City of Ember
Plot Rating: 5/5
This is a beautifully imagined film. Nothing mold-breaking, but it has this wonderful feel of an ABC Wonderful World of Disney film (for those of you old enough to remember when networks did original programming).
Ember was a city built in order to sustain a large population underground during a mysterious apocalypse that is never expained (City of Ember is part one in a book series, so the story is probably clarified there). Passed down through the mayors of Ember was a mysterious metal box with a timed lock set for 200 years. But, with only a few decades left, the mayor took the box home and then died suddenly. The box opened without fanfair, buried under old junk in a closet.
The story takes place a couple of generations later and centers around Lina Mayfleet, the mayor’s great-granddaughter, and her friend Doon Harrow. As Ember begins to fall apart at the seems and the massive generator powering the city becomes unstable the box is found by Lina. Inside she finds a set of directions (torn to shreds by her baby sister) that indicate the Builders created some way out of Ember into the now-unknown world.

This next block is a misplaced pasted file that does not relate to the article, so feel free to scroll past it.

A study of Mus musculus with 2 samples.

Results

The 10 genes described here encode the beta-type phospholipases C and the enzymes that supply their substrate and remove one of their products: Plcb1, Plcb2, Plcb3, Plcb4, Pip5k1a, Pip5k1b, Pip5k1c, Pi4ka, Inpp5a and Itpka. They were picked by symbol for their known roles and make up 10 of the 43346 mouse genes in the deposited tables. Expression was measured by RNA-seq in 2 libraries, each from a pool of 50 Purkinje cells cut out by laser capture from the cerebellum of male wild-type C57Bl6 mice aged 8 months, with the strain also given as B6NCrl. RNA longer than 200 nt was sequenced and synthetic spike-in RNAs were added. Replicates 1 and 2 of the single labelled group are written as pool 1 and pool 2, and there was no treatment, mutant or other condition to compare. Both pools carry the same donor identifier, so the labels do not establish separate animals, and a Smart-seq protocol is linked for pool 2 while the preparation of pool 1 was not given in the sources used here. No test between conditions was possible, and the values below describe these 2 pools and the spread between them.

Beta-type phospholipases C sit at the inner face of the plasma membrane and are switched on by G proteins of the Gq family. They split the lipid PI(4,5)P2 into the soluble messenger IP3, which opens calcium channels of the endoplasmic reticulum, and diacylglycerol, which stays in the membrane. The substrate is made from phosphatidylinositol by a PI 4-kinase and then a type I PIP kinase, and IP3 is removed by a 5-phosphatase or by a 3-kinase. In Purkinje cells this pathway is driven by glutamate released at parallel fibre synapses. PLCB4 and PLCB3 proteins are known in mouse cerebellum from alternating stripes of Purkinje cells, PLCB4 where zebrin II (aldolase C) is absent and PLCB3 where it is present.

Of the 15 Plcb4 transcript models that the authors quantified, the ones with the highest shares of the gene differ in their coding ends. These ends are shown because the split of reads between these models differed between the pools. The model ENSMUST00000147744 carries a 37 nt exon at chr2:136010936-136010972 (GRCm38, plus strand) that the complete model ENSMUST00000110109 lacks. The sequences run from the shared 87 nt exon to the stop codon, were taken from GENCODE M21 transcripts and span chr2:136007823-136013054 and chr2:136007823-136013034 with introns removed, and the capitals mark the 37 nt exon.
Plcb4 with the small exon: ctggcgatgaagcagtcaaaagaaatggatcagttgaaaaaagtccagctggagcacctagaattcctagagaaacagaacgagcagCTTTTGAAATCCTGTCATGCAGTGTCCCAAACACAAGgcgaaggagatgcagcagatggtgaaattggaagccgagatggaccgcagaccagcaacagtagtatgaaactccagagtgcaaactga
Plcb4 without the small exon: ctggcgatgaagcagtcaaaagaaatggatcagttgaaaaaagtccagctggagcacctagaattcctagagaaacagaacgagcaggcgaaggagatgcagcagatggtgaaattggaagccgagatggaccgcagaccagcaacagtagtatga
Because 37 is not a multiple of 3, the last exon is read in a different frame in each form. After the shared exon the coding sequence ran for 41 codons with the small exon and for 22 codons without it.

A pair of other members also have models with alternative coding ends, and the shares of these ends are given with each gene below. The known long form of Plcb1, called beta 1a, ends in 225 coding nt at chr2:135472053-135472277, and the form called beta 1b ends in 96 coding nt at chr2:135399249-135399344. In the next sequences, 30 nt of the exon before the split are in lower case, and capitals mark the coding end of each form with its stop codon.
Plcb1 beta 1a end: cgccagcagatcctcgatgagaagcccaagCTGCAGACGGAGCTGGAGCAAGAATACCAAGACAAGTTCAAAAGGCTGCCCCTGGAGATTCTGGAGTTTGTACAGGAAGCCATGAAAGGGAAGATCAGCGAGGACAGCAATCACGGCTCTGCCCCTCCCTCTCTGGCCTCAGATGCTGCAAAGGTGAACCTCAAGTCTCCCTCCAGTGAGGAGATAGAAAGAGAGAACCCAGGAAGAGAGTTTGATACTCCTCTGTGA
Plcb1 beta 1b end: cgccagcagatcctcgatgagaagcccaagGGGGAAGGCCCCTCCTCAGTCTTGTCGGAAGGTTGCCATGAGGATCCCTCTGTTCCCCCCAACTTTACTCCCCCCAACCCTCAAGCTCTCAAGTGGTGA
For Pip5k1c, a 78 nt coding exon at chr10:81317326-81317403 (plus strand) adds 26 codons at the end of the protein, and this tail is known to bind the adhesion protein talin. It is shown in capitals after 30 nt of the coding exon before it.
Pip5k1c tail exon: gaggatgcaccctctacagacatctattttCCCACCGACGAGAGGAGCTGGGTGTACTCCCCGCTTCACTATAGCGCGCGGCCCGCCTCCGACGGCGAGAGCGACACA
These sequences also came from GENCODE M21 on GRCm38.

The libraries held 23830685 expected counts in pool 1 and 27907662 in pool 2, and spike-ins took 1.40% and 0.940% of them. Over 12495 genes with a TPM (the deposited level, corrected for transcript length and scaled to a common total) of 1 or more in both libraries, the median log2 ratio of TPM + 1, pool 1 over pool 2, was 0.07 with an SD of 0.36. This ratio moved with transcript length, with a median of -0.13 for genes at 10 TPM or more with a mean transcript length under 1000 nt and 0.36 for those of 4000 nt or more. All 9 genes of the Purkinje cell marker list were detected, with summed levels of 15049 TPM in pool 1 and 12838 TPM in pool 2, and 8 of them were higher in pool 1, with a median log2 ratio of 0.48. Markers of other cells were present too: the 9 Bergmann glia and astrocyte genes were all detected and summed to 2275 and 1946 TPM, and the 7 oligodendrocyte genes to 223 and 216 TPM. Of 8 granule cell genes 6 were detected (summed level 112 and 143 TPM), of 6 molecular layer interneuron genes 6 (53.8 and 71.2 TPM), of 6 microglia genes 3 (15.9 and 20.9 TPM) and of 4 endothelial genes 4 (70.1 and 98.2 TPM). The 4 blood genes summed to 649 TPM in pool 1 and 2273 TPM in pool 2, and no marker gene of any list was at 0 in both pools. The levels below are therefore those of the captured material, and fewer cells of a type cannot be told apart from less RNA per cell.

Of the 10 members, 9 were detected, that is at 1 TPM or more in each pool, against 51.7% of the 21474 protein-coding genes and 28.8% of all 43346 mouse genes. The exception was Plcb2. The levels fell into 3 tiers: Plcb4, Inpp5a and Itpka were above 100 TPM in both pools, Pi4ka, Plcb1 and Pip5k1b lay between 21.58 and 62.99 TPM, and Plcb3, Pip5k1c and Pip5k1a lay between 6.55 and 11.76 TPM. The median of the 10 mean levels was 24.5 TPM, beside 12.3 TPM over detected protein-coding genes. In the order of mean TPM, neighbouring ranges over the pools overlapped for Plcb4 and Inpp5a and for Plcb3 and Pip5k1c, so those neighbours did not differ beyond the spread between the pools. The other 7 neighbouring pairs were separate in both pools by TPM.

It is a wonderfully imagined story and there are no dull moments. Ember is not shown as some kind of impressive city, but is covered in rust and grime, and everything down to the clothes have a look of ware and tare. No detail is spared. I really can’t say enough good things about this movie.
Acting Score: 5/5
While there are bigger names like Bill Murray (very subdued and in no way comedic for a change) and Tim Robbins, the movie centers primarily around young Saoirse Ronan (Lina) and Harry Treadaway (Doon). Ronan does a particularly incredible job with a very emotionally driven character and Treadaway, while a bit rough in parts, is still impressive.
Age Rating: Meh/5
I can imagine 5 year olds being fine with the movie and my mom loves it, so even at the 50 year mark it’s still entertaining. It is an exciting movie, and there is some minor scary content, but children’s shows these days are more violent and scary (Power Rangers~).
“Ember” is Hungarian for “Man” and “Human”.
Screenwriter Caroline Thompson traditionally works with Tim Burton (though she did not on this piece).
Film rights to “City of Sparks”, the sequal, have been purchased, but considering the relatively poor box office results of “City of Ember” it is still undecided if a film will actually be made.